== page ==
In the small Patchogue office that houses Thursday’s Child, a group that provides services for people with HIV/AIDS, program manager Greg Noone was looking a little frazzled - albeit smiling.
Sitting in front of his desk, the mother of a 17-year-old held up a pair of children’s jeans.
“These are not going to fit her,” she said. “Maybe one leg.”
Noone apologized for the mistake and presented the woman with a $50 gift card to Walmart. He told her to make sure she got her daughter a new pair of jeans for Christmas.
Just like Santa Claus magically pulling gifts out of a bottomless red bag, Noone has fielded request after request from families that can’t afford to buy gifts for their children all week and never said no. And that’s after he already had a list of 375 children that Thursday’s Child and its partnering organizations were supporting.
“I had seven or eight walk-ins this week,” he said, and in total Thursday’s Child is helping supply presents for more than 400 children across Long Island this Christmas, all of them living with a family member who has HIV/AIDS.
Running the program alongside Thursday’s Child is the Patchogue-based group Blue Angels, founded by Dave Chiarella, Noone said. Blue Angels raises all the money and does all the shopping to get each child on the Thursday’s Child list everything they’ve asked for.
Thursday’s Child works with like organizations around the Island, including Options for Community Living, Economic Opportunity Council of Suffolk, Long Island Association for AIDS Care and Concern for Independent Living, to compile a list of families in need and each child gets to send in his or her own wish list.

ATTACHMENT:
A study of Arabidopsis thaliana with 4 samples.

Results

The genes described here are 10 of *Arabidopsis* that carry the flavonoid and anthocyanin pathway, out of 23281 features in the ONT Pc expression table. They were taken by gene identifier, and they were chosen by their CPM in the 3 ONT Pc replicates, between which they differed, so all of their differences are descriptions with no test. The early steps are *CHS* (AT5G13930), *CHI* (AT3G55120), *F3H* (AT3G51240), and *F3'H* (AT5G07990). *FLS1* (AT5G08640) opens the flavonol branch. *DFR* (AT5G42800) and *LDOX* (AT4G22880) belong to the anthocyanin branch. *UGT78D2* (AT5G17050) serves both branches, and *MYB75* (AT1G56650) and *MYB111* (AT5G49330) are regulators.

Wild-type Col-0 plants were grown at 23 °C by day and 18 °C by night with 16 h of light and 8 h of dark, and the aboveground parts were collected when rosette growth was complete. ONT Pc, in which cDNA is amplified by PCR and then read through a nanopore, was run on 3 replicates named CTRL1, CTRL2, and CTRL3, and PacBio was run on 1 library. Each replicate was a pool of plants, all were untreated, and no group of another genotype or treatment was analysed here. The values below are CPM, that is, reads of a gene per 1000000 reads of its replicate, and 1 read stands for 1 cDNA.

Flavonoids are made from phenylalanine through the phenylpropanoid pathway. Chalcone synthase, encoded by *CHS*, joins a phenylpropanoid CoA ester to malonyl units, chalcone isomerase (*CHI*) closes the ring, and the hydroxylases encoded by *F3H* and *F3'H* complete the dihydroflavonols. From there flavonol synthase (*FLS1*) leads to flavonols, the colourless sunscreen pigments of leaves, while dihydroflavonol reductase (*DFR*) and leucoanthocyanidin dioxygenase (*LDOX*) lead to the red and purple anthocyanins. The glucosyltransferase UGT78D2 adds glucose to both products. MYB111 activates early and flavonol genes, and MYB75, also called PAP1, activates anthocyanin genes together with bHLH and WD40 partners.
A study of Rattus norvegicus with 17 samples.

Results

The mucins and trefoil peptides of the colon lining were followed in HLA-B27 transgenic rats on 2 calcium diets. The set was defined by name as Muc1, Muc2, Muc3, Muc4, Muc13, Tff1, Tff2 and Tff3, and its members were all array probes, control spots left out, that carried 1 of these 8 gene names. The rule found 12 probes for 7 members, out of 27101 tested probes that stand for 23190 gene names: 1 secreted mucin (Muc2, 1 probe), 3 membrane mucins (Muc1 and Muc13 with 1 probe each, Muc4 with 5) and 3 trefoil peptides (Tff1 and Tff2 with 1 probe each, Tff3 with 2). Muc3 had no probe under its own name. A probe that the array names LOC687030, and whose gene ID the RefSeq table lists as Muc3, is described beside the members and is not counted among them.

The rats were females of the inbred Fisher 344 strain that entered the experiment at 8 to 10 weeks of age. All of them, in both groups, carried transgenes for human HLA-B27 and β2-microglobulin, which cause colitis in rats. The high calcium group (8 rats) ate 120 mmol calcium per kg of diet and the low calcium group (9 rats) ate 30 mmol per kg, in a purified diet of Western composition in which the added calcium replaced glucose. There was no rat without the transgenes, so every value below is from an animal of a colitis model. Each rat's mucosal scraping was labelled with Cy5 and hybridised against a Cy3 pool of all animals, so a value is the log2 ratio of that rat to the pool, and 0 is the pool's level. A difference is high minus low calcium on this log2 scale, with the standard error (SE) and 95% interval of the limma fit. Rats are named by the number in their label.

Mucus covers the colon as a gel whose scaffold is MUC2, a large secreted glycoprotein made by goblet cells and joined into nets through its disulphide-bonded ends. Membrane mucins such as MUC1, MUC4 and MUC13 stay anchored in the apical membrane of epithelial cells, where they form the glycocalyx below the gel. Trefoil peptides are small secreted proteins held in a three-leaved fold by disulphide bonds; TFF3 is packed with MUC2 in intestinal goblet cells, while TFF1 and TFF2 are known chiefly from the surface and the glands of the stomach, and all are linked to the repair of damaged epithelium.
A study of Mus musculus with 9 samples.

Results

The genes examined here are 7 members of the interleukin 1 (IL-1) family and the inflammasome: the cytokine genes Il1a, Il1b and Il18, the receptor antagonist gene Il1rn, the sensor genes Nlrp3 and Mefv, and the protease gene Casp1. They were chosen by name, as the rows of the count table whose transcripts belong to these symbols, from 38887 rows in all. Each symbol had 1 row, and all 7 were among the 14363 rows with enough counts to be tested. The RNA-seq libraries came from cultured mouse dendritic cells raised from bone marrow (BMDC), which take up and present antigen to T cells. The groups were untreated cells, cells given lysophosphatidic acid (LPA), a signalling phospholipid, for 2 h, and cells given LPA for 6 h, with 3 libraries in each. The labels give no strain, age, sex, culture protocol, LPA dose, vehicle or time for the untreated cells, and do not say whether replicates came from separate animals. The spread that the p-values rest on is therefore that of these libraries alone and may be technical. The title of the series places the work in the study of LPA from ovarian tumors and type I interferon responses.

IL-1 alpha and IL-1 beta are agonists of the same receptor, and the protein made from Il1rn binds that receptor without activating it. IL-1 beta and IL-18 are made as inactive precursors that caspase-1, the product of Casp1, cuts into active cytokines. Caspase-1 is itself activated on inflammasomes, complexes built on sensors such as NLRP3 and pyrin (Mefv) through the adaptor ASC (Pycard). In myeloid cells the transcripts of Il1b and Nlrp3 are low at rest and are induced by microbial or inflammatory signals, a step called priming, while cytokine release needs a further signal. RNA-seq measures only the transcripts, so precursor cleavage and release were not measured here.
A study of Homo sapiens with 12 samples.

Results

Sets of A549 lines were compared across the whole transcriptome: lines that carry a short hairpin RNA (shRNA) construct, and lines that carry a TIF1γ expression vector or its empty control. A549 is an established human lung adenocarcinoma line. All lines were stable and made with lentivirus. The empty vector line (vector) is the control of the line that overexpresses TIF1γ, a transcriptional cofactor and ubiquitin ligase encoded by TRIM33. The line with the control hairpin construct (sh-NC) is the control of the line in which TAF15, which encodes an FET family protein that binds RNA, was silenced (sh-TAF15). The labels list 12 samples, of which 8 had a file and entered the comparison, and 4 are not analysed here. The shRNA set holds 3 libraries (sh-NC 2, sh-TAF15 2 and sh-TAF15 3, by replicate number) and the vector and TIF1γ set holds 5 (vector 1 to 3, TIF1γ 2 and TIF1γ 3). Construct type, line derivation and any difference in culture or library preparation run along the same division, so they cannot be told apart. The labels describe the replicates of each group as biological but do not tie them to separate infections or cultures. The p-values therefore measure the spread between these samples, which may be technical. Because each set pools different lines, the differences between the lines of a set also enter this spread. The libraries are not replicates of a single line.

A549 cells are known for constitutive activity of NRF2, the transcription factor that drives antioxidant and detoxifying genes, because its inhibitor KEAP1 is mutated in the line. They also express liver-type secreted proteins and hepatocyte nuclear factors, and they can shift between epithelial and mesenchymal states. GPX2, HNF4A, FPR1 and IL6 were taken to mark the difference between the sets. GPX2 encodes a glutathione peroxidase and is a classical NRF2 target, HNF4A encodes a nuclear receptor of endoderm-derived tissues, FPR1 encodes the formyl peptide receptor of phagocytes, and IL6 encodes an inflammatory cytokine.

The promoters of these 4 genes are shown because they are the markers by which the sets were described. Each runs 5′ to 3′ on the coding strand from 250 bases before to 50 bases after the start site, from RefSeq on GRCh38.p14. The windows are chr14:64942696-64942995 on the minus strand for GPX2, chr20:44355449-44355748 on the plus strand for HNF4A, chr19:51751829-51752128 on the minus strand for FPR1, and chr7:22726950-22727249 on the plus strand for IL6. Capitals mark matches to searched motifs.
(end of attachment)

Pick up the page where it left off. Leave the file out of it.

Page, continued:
On Thursday, Noone said the storage room at the United Methodist Church was looking relatively organized, as bags piled on top of bags filled the room. Each bag had a number attached to it, each number represented a family, to protect their privacy.
There were dolls, clothes, electronic toys and gift cards. Noone said the Blue Angels go above and beyond, purchasing hundreds of dollars worth of merchandise for each family.
“It’s an extraordinary amount of generosity,” he said.
All that was left was the delivery, Noone said, as he walked out the door of his office Thursday evening, his car full of presents, which - like another busy gift-giver - they would be finishing well through Christmas Eve.